Osteoporosis is low bone density, also called brittle bone. Bones become thinner and brittle; a small injury can make the bone break.
If you have Osteoporosis, your chance of developing fracture with a simple fall becomes high. A fracture is a big medical issue for its’ immobility, chance of chest and urine infection, bedsores in elderly and so on. Do not forget the loss of work and economic burden with this.
Throughout the life, old bone is removed (resorption) and new bone is added (formation) to the skeleton. During childhood and teenage years, new bone is added faster than old bone is removed.
As a result, bones become larger, heavier, and denser. Bone formation continues at a pace faster than resorption until maximum bone density is reached at around the age of 25 years.
After that age, bone resorption slowly begins to exceed bone formation. Bone loss is most rapid in the first few years after menopause in women.
If you have not developed adequate bone density in your childhood and adolescence, you will be at risk, this is common in people with poor socio-economic status.
Menopause is a natural risk but risk becomes more if periods stops early in women, called Premature Ovarian Failure.
Other important risk factors are sedentary lifestyle, lack of exercise, excessive drinking, use of steroids for a long period.
Loosing height is very common and used to be considered as normal. Now we know we stoop forward because we loose height and back bones (vertebra) get crushed due to weakness. This is Osteoporosis or brittle bone of spines.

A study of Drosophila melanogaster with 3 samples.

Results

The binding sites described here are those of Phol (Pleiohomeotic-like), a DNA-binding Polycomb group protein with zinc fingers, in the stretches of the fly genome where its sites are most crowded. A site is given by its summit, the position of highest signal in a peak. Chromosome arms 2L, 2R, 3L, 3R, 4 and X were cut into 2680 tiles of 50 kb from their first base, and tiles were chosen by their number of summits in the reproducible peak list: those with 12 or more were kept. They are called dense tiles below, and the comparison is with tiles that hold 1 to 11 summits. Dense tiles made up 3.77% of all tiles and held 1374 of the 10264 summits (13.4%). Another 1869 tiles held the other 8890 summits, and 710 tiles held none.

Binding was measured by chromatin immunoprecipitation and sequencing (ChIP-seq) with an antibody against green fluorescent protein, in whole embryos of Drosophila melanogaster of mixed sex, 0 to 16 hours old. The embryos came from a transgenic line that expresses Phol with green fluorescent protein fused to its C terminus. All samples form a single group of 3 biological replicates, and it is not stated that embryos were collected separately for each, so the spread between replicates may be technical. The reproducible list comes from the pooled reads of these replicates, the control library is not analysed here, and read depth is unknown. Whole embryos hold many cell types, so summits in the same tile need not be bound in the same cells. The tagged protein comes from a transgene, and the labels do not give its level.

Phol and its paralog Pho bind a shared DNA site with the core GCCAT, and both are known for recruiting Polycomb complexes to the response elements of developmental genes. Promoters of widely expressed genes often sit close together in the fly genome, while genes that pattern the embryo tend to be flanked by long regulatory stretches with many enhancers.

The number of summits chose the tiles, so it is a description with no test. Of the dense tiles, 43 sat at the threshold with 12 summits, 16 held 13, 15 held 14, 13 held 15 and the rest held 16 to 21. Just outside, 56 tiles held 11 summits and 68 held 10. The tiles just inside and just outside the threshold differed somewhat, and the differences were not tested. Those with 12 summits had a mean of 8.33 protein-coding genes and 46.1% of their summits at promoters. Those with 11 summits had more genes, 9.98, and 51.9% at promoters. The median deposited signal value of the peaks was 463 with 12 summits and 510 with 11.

Prevention in this context will mean improving bone density in early life by good nutrition and physical activity in terms of sports. We need to remain active, taking regular physical exercise, avoiding smoking and excess alcohol.
Osteoporosis is a silent disease. People may not know that they have osteoporosis until their bones become so weak that a sudden strain, bump or a simple fall causes a fracture. Collapsed vertebral fracture may present with severe back pain and loss of height.
X-ray is not a good test for osteoporosis, by the time X-ray will detect it will be too late. Also X-ray can not quantify Osteoporosis. We need to see the bone density; this is done by a test called DEXA Scan. This is painless, does not require injection, and takes around 30 minute to finish.
Osteoporosis in India has gained relatively little attention until recently. It is likely 30-40% of people above the age of 50 years in India have it. Also this is happening around 10 years earlier than people in the west. In the west women are more affected but it seems in India it is equally common in men.
We need to eat healthy food including proteins along with regular Vitamin D (you remember most of us are deficient in Vitamin D). Women need Calcium from around the age of 45 years. Then we have medicines to be taken orally or injection to improve bone density.